Oil is heading for the biggest weekly gain since early March on optimism the recovery in demand from the Covid-19 pandemic is improving.
Futures in New York were steady Friday and up about 7% this week. China’s economy soared during the first quarter, while industrial output rose in March from a year earlier.
The economic rebound in the U.S. is also accelerating, with data the past couple of days showing jobless claims falling to a new pandemic-era low, retail sales increasing and gasoline consumption expanding.
Bullish data from the world’s top two economies came after the International Energy Agency and the Organization of Petroleum Exporting Countries gave positive outlooks for the global oil market earlier in the week.
The positive momentum has helped oil break out of a narrow range around $60 a barrel, where prices were had been stuck since mid-March.
The market may see a temporary lull due to new virus outbreaks, according to the the IEA, but the agency followed OPEC in boosting its full-year estimates for consumption.
The global recovery from the pandemic is uneven, however. While rebounds are gathering pace in the U.S. and China, other nations are grappling with sharp rises in cases. In India, refineries are diverting oxygen produced at their plants to hospitals to help battle a serious second wave.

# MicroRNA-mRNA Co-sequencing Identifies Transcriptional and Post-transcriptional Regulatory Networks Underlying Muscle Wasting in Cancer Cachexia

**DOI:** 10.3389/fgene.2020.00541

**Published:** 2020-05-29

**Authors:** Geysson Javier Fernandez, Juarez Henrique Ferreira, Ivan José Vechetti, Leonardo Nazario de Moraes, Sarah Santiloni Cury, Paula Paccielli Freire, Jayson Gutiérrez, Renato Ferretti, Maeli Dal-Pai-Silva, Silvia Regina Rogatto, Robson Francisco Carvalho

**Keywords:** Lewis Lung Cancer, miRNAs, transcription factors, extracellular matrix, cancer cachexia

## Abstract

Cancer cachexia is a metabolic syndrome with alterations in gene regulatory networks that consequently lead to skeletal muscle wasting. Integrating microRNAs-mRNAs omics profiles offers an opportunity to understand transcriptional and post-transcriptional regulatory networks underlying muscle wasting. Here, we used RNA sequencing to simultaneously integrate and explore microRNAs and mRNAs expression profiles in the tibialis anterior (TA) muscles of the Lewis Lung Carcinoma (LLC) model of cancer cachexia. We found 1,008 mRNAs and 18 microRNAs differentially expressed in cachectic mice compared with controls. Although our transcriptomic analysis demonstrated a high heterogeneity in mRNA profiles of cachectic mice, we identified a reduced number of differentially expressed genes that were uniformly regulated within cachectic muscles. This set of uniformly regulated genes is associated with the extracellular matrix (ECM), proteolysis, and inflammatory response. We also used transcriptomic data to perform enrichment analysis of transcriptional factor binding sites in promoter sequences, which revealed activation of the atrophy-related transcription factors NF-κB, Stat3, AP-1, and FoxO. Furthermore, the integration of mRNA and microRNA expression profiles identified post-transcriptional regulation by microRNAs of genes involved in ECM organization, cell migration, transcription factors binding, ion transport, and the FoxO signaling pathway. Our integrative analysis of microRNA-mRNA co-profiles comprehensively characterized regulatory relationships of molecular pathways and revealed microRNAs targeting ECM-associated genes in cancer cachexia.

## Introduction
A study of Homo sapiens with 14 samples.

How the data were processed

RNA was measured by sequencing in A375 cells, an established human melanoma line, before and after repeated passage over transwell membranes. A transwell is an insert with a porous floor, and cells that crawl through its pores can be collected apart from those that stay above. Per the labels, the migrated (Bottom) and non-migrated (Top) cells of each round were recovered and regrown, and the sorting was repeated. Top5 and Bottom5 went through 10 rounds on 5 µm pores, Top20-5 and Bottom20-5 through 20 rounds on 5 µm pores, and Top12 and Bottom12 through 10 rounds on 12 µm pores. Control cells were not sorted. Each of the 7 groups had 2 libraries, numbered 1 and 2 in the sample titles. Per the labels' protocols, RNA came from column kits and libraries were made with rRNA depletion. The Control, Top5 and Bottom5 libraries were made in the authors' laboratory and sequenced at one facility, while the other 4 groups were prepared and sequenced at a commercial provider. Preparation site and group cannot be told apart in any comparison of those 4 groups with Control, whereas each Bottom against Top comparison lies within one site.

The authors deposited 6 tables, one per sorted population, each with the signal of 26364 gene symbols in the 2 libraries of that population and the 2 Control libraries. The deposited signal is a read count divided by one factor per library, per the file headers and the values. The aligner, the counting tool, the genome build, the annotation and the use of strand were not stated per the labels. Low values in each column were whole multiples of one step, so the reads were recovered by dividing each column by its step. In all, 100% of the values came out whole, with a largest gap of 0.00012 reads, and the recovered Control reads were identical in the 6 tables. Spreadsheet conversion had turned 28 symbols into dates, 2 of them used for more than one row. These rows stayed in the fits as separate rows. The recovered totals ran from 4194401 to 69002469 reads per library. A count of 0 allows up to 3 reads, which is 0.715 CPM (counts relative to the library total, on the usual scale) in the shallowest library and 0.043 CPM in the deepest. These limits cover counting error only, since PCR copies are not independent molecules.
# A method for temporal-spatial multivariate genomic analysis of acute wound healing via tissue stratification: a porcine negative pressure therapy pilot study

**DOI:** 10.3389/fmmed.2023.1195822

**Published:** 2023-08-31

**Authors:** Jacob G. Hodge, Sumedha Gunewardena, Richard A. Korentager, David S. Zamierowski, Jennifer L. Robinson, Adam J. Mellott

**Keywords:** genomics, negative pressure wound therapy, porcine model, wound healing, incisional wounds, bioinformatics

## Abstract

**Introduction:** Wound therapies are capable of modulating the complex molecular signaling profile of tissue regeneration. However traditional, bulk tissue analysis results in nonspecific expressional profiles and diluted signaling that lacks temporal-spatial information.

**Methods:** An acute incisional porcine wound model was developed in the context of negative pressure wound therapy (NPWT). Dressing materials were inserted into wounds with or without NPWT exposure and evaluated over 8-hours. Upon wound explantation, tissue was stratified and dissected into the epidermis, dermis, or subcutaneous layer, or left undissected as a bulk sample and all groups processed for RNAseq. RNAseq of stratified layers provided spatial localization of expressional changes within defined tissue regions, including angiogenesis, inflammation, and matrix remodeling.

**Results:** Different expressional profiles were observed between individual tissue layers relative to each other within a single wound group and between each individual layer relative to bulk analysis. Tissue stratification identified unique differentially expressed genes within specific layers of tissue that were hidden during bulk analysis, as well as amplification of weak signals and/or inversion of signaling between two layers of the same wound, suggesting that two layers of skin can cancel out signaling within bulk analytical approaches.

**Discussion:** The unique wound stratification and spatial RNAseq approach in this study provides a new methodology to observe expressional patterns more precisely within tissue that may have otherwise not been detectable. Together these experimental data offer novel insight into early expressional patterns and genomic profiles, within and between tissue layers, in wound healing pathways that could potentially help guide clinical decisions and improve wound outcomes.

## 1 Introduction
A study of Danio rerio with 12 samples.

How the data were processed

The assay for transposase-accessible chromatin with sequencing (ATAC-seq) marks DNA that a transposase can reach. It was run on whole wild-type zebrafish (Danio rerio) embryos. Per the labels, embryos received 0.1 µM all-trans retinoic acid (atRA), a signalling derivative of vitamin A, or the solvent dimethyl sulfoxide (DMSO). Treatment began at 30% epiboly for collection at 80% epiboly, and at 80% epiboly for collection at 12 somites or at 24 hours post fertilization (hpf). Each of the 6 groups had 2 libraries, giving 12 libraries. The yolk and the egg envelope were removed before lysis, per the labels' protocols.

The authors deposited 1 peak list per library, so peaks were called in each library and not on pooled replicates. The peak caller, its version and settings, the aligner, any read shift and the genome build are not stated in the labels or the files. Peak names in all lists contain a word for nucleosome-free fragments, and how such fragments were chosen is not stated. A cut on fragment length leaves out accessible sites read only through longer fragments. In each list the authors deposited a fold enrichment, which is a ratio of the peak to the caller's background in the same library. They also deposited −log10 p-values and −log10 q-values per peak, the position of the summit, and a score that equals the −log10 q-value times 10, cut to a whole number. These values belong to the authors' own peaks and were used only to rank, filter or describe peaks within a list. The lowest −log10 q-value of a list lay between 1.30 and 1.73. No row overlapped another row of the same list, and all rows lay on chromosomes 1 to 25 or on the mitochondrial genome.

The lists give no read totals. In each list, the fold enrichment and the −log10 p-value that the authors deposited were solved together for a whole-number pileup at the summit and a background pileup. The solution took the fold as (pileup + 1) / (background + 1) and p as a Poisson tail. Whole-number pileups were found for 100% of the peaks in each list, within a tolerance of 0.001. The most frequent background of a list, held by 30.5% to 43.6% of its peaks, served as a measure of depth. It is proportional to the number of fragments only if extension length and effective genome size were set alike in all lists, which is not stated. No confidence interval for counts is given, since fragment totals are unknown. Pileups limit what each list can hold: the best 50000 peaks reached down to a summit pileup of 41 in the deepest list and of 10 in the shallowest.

“We are going to have period of two steps forward, one step back in the oil market,” said Stephen Innes, chief global market strategist at Axi. “There’s a huge summer driving season coming up in the U.S., but then we have headlines of 200,000 people getting Covid in India in a day.”
West Texas Intermediate for May delivery slipped 2 cents to $63.44 a barrel on the New York Mercantile Exchange at 12:04 p.m. Singapore time after climbing 0.5% on Thursday.
Futures are up the most since the week ended March 5.
Brent for June settlement rose 1 cent to $66.95 on the ICE Futures Europe exchange.
Prices are up 6.4% this week, the most since early January.
The prompt timespread for Brent was 47 cents in backwardation, compared with 40 cents at the start of April.
The market is also facing an increase in supply in the coming months, although OPEC said this week that rising demand should trim global stockpiles, while the IEA said the lingering glut was clearing. The OPEC+ alliance is scheduled to start adding more barrels from May.
China’s gross domestic product climbed a record 18.3% in the first quarter from a year earlier, largely in line with the 18.5% predicted in a Bloomberg survey of economists. The figures released by the statistics bureau Friday are skewed by comparisons from a year ago when the economy was in lockdown.